The world of horse racing is in a state of flux, a new state of uncertainty. As the coronavirus pandemic continues to increase in scope and severity in the United States, the entirety of the horse racing world is changing to adapt.
There is no racetrack in America allowing spectators. Some tracks are postponing races entirely, though most seem to be hosting the races for simulcast wagering and so as not to disrupt the entire season.
But there was question that hung in the air amidst the changes of the past several weeks: What about the Kentucky Derby? We now have an answer.
Kentucky Derby Reschedules to September
Today, Churchill Downs made the announcement. The 146th Kentucky Derby Presented by Woodford Reserve, which was scheduled for May 2, 2020, will now take place on September 5.
Further, the 146th Longines Kentucky Oaks, which was set for May 1, will now run on September 4.
The Kentucky Horse Racing Commission must approve the new dates, but there is little reason to doubt an approval. Churchill Downs expects its answer on Thursday, March 19.
Churchill Downs CEO Bill Carstanjen said his team is committed to holding the “very best Kentucky Derby ever and certainly the most unique in any of our lifetimes.”
The announcement noted that any tickets for the originally-scheduled Kentucky Derby are automatically valid for the new race dates. New tickets will be mailed, but original tickets will be valid. For those unable to use their tickets for the new dates, they will be able to request refunds online as early as the end of this week.
Churchill Suspends Simulcasting
Along with the Kentucky Derby information was notice that Churchill Downs Racetrack voluntarily suspended simulcasting operations. A two-week hiatus started at midnight, Sunday, March 15.
The situation will be reassessed as this period comes to an end, when the team will decide whether to extend the suspension or resume simulcasting.
Preakness Stakes Follows Suit to September
As the news of the Kentucky Derby’s date change settled in today, many eyes were on the Preakness Stakes and Belmont Stakes. It didn’t take long to receive an answer.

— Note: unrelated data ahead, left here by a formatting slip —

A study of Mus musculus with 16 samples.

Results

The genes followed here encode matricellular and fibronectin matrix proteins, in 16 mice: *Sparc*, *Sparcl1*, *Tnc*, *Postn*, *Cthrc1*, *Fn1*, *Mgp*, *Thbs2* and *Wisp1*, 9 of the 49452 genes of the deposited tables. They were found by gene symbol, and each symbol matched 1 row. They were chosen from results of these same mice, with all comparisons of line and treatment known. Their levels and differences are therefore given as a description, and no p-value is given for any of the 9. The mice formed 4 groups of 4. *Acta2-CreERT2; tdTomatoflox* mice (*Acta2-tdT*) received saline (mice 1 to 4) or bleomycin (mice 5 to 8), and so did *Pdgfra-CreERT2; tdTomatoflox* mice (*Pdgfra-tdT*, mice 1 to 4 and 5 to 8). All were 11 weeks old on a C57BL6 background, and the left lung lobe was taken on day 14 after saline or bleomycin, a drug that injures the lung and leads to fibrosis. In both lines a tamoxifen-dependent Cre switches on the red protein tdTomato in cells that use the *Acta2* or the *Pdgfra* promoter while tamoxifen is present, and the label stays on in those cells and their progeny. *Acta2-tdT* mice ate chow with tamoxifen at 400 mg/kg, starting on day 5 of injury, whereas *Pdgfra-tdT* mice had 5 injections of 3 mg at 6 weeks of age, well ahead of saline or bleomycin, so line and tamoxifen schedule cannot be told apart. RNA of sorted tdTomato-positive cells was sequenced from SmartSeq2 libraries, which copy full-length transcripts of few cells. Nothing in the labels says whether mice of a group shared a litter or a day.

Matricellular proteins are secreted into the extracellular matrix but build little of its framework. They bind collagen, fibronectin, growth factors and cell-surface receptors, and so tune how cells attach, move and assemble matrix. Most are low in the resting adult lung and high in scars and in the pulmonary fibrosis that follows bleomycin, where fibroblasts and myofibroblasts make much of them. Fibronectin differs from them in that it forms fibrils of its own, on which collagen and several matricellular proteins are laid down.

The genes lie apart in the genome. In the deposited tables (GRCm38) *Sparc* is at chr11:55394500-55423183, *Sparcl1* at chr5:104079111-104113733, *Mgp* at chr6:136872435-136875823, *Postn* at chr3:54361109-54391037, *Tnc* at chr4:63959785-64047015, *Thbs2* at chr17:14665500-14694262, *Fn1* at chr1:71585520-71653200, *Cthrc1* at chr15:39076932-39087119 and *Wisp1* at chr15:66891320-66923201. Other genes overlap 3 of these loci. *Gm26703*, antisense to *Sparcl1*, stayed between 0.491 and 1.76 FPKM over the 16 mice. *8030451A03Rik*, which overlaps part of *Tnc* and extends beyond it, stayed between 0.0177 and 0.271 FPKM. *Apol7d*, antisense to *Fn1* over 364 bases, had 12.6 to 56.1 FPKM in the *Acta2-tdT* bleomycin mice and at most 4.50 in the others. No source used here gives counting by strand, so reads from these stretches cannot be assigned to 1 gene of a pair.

Maryland Governor Larry Hogan announced today that the Preakness Stakes will also move to September to follow the Derby. It had been scheduled for May 16, two weeks after the Kentucky Derby. While no date for the newly-scheduled Preakness has been announced, it is most likely to run on September 19.
At this time, the only word from the Maryland Jockey Club is that it is working with state and local governments, industry participants, media, and other affiliates to set the date. “As soon as we have further clarity on these matters, we will inform all.”
Belmont Stakes to Follow?
The third leg of the Triple Crown is considering its options. Carstanjen told the media that he informed the New York Racing Association and Belmont Park before announcing his decision.
The Belmont Stakes is currently set for June 6, 2020. The entire Belmont Stakes Racing Festival will kick off on June 4 and host 17 total stakes.
Today, New York Racing Association CEO and President Dave O’Rourke said the NYRA is working closely with all parties, including NBC Sports, to decide on the date of the 2020 Belmont Stakes. “NYRA will deliver an announcement only when that process has concluded to the satisfaction of state and local health departments. The Belmont Stakes is a New York institution with wide-reaching economic impact. We look forward to its 152nd edition in 2020.”
Not Entirely Unprecedented
If at all possible, a tradition should remain as rooted in tradition as possible, down to the exact date. Obviously, this is what all three hosts of Triple Crown races tried to do. However, a pandemic of the magnitude of COVID-19 is something out of everyone’s control.
It has been a few years since anything like this happened. In fact, it only happened once, in 1945. It was near the end of World War II, and the US Office of War Mobilization saw horse racing as an unnecessary expenditure of resources. To prevent the 71st Kentucky Derby from running as planned, the US government banned horse racing on January 3, 1945.
However, when the war ended on May 7, 1945, the government lifted the ban, and the Derby ran on June 9, 1945.